Chainsaw

2 Stroke vs 4 Stroke: Avoid Ethanol in Small Engines

Understanding the differences between 2 stroke vs 4 stroke engines can play an important role in getting maximum performance and lifespan out of your small engines.

Fundamentals

At its core, the key design concept of a 2 stroke engine is that the piston only moves up and down once during a power cycle, with the exhaust and the intake steps occurring simultaneously. A 4 stroke engine, however, sends the piston up and down twice during the power cycle in order to split apart the exhaust gas venting and air, and fuel intake process.

The 2 stroke designs are simpler, which means once you introduce additives like ethanol into gasoline it’s much harder to fine-tune the combustion process like you can in a more complex 4 stroke automobile engine. As a result, ethanol does untold damage each and every year to thousands of small engines in chainsaws, lawn mowers and leaf blowers across the country.A gas-powered lawn mower.

What Kind Of Damage Does Ethanol Do?

As explained above, 2 stroke vs 4 stroke engines don’t offer the same level of precision when it comes to spark plug firing and air/fuel ratio mixture. These types of engines also require a specific ratio, mixing gasoline and oil together in order to stay properly lubricated.

Ethanol is a type of alcohol that can be burned as a fuel, and it is often mixed in with traditional gasoline in concentrations typically approaching 10 percent. In some cases, however, particularly in the Midwest, it’s possible to get much more concentrated ethanol mixtures, surpassing 15 percent and even 20 percent. At this level, the amount of ethanol in fuel can have a damaging effect on 2 stroke engine components.

Since the fuel burn is less precise in 2 stroke vs 4 stroke engines and cannot be adjusted via computer controls, ethanol-heavy gasoline can leave significantly more deposits behind inside a cylinder after it is ignited. When acting as a solvent, like any alcohol, ethanol in gasoline also runs the risk of breaking down engine sludge and sending it through the fueling system, where it can clog injectors and ports. That same solvent behavior also attacks plastic and rubber components, causing them to dissolve over time (especially on older engine designs). Finally, ethanol also attracts water, which means ethanol blended fuel can introduce moisture into a engine and lead to corrosion of the metallic surfaces inside the cylinder as well as in fuel lines and the fuel tank.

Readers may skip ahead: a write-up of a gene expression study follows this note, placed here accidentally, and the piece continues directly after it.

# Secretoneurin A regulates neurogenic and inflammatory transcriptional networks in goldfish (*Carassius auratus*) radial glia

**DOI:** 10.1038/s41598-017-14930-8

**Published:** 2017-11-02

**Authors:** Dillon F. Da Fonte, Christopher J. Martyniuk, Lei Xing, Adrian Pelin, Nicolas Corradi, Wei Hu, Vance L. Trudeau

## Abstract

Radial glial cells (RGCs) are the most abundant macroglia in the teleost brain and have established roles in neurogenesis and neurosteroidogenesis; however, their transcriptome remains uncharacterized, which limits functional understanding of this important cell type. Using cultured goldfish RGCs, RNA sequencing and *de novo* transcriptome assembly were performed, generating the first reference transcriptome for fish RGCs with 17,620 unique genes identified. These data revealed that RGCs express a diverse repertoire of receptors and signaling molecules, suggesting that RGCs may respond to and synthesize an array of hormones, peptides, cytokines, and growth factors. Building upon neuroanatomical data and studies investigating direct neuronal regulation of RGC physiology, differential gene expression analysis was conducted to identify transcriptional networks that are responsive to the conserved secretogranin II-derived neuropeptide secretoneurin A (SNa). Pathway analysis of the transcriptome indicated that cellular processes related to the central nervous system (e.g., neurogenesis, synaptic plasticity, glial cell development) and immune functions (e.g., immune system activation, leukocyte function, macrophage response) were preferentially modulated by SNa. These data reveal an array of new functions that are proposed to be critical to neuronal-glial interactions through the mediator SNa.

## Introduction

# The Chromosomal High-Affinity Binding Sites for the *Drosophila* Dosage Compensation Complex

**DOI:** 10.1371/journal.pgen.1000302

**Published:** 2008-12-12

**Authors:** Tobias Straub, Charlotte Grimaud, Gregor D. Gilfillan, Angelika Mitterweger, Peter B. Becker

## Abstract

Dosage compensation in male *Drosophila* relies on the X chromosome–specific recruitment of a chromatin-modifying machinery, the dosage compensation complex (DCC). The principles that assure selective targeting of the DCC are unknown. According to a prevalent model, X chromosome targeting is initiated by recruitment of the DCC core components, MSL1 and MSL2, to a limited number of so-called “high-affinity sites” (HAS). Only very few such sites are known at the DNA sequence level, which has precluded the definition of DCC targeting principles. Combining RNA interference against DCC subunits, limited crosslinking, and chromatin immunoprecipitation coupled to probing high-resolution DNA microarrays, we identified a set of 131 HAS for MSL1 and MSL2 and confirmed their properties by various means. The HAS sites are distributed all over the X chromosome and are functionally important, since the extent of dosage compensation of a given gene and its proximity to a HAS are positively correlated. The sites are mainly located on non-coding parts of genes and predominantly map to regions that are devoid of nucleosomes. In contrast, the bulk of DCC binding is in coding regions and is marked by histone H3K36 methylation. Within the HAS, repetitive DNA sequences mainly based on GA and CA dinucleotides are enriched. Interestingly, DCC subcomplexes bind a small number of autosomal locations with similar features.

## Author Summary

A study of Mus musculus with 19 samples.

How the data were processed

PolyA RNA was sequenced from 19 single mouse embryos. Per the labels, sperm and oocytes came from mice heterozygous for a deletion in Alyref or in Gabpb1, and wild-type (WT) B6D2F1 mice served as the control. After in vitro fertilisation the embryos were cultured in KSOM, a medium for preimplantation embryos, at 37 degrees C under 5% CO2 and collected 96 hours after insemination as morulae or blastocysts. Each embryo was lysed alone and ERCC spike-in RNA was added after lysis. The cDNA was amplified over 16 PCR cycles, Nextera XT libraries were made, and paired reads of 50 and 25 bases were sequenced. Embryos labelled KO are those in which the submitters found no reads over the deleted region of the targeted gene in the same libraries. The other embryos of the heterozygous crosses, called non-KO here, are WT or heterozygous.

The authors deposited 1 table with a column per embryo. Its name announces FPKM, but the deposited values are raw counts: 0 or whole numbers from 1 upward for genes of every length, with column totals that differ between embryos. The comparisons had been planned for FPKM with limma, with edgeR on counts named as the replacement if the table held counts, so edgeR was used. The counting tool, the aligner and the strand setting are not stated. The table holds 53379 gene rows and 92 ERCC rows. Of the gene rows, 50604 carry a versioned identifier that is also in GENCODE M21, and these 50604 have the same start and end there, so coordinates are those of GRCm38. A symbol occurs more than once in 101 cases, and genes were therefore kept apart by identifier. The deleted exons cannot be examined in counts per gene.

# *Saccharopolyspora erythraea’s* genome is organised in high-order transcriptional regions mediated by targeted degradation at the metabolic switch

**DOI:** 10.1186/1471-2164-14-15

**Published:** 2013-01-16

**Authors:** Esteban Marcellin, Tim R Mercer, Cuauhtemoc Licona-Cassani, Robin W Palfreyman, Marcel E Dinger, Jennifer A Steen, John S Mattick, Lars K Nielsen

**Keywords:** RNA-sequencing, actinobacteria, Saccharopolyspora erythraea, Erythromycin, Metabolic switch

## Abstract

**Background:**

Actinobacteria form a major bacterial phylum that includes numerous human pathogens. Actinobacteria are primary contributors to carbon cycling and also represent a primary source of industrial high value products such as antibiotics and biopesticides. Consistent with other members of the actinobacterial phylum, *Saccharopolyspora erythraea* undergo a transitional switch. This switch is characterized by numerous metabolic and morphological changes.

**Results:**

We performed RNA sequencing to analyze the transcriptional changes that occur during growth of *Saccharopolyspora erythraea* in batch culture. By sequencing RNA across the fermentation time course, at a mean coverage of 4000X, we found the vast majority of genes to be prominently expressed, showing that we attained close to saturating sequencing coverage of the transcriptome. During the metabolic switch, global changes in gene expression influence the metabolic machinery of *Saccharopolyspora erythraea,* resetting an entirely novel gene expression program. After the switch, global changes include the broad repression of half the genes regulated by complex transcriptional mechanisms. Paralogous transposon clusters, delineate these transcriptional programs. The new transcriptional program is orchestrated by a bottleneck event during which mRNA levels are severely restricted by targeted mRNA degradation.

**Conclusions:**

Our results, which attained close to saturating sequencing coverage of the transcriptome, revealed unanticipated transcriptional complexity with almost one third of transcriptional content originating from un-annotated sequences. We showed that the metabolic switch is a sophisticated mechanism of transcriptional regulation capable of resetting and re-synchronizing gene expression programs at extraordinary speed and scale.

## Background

How Can You Avoid Ethanol Damage?

The easiest way to prevent ethanol damage is to simply avoid gasoline that contains an ethanol mixture. Always check at the pump to make sure that the fuel you are using is ethanol-free, or at the very least, contains 10 percent ethanol or less (the maximum safe ratio for newer 2 stroke engines). If you can’t find ethanol-free fuel at your local gas station, then you can always check your local NAPA Auto Parts store for a canister of ethanol-free, pre-mixed small engine fuel.

For more information on 2 stroke vs 4 stroke engine maintenance, chat with a knowledgeable expert at your local NAPA AUTO PARTS store.

Photo courtesy of Freeimages

about author

Benjamin Hunting

Having been bitten by the car bug at a young age, I spent my formative years surrounded by Studebakers at car shows across Quebec and the northeastern United States. Over ten years of racing, restoring, and obsessing over automobiles lead me to balance science writing and automotive journalism full time.  I currently contribute as an editor to several online and print automotive publications, and I also write and consult for the pharmaceutical and medical device industry.